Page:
Tuesday, February 21, 2012

From the Publishers of 2e: Twice-Exceptional Newsletter

ELIGIBILITY FOR SPECIAL SERVICES. In raising or teaching a twice-exceptional child, one basic consideration is whether the child is eligible for special services, for example under IDEA. The current edition of Wrightslaw's Special Ed Advocate provides answers to three questions regarding eligibility: who determines it; what the law says; and what the school must do before determining a child is not eligible. Read the newsletter
AUTISM SPEAKS now has over a million fans for its Facebook page; check it out
SPOTTING AUTISM DEVELOPMENT. Researchers have found significant differences in brain development in infants as young as six months old who later develop autism, compared with babies who don’t develop the disorder. The imaging study, by scientists at Washington University School of Medicine in St. Louis, the University of North Carolina, and other centers suggests autism doesn’t appear abruptly, but instead develops over time during infancy. Read more. (From materials provided by Washington University.)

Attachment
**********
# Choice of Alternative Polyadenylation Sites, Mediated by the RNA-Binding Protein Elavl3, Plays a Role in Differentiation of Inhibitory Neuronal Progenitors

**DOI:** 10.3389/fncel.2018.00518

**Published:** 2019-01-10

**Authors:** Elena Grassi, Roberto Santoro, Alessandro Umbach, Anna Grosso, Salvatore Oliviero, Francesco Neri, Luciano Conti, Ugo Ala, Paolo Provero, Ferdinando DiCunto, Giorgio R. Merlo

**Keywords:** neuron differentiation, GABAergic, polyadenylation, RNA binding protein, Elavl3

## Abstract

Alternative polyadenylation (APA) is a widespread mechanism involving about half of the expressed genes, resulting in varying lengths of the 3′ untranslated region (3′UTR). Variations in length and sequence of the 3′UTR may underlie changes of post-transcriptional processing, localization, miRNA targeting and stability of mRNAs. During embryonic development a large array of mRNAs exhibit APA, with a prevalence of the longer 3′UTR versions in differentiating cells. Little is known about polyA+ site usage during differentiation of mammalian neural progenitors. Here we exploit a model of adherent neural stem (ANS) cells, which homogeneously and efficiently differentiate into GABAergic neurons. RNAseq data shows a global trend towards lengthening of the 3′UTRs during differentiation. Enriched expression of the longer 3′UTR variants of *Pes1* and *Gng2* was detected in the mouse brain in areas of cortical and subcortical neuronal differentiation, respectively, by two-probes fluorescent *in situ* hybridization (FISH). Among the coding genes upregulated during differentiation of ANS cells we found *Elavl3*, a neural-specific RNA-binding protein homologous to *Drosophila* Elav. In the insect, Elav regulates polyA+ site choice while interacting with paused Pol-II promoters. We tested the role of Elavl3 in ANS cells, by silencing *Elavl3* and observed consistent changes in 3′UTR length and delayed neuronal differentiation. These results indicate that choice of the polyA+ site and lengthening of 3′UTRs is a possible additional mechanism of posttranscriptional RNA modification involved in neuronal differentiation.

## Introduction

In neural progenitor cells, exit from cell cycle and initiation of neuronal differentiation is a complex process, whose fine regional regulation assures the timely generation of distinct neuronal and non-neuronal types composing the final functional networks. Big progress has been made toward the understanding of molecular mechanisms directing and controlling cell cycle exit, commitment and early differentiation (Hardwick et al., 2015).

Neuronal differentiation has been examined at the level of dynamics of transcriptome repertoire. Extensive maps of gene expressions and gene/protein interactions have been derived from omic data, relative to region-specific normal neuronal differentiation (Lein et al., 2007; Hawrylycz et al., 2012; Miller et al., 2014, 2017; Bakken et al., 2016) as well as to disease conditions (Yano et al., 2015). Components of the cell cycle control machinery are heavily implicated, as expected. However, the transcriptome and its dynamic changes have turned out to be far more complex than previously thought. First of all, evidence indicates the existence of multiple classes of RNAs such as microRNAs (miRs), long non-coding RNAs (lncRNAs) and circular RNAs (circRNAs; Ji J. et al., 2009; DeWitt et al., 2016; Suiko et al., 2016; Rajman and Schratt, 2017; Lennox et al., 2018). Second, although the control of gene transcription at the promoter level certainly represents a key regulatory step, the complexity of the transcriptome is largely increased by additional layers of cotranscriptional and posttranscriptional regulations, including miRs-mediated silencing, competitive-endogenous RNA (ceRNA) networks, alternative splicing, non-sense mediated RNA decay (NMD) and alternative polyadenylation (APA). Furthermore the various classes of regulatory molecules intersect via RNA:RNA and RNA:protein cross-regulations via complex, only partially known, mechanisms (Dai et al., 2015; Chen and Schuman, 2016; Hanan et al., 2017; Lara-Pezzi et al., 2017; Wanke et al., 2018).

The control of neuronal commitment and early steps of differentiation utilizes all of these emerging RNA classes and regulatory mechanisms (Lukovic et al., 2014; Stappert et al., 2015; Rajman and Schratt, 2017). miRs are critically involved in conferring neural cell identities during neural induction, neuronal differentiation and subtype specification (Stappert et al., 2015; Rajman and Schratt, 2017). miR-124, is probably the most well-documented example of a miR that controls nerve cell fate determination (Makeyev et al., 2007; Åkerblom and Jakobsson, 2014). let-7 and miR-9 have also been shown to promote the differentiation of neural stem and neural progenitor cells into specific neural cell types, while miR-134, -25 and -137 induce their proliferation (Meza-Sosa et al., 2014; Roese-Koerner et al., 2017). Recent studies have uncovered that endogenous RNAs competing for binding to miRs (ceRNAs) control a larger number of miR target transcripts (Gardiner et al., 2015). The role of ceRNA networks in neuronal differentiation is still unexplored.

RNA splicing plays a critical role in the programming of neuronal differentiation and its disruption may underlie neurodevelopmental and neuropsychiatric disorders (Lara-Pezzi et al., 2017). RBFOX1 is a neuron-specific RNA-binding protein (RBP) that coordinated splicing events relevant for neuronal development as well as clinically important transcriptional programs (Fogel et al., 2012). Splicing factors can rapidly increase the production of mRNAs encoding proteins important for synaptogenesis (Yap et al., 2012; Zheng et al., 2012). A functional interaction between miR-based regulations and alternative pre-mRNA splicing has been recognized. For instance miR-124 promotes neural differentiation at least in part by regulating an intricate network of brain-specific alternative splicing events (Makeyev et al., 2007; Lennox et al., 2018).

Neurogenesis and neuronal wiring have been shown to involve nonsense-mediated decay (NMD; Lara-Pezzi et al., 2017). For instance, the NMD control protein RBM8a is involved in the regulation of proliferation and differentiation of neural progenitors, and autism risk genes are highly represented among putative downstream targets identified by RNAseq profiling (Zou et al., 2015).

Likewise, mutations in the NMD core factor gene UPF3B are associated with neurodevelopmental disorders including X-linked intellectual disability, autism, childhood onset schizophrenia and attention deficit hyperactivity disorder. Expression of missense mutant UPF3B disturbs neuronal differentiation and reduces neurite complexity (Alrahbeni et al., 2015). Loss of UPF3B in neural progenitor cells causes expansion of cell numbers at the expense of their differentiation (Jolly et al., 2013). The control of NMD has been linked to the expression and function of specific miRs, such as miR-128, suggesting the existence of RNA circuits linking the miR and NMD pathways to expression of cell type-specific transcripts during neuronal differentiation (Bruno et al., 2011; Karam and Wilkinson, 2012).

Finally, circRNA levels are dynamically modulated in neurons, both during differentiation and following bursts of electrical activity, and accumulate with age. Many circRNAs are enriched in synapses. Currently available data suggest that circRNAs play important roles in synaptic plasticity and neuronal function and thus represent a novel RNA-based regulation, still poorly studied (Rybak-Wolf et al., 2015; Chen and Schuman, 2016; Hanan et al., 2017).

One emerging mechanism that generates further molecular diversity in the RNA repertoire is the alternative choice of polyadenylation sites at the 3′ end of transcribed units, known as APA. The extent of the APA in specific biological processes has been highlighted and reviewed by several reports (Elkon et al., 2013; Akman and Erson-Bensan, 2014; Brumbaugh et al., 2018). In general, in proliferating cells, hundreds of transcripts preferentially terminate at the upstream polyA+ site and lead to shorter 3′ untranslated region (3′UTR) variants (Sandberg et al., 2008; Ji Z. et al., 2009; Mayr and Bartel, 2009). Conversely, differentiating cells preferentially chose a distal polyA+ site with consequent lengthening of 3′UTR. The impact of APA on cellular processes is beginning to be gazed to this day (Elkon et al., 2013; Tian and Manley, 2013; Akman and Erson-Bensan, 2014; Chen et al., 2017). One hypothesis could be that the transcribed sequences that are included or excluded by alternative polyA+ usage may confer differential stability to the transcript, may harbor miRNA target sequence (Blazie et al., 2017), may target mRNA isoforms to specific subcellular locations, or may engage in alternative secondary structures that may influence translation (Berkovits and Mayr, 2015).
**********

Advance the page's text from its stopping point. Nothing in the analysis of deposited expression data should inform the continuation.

GAME ADDICTION can be real, according to a researcher who studied more than 1,000 8- to 18-year-olds and compared their behaviors to those common to any addiction. The behaviors are: "excessive use that impedes other aspects of life, increasing tolerance in order to obtain the 'high,' withdrawal symptoms, and a willingness to sustain negative consequences in order to maintain the habit." Got a bright gamer kid? Read more
TEXTING AND LANGUAGE DEVELOPMENT. Text more, lose some linguistic ability. That's the conclusion of a study comparing university students who text more or less frequently. The study author suggests that "reading traditional print media exposes people to variety and creativity in language that is not found in the colloquial peer-to-peer text messaging used among youth or 'generation text.' She says reading encourages flexibility in language use and tolerance of different words. It helps readers to develop skills that allow them to generate interpretable readings of new or unusual words." Find out more.  
MORE TO WORRY ABOUT. Mice genetically engineered to be susceptible to autism-like behaviors that were exposed to a common flame retardant were less fertile and their offspring were smaller, less sociable and demonstrated marked deficits in learning and long-term memory when compared with the offspring of normal unexposed mice, a study by researchers at UC Davis has found. The researchers said the study is the first to link genetics and epigenetics with exposure to a flame retardant chemical. Read more at the UC Davis press release, from which this item was taken.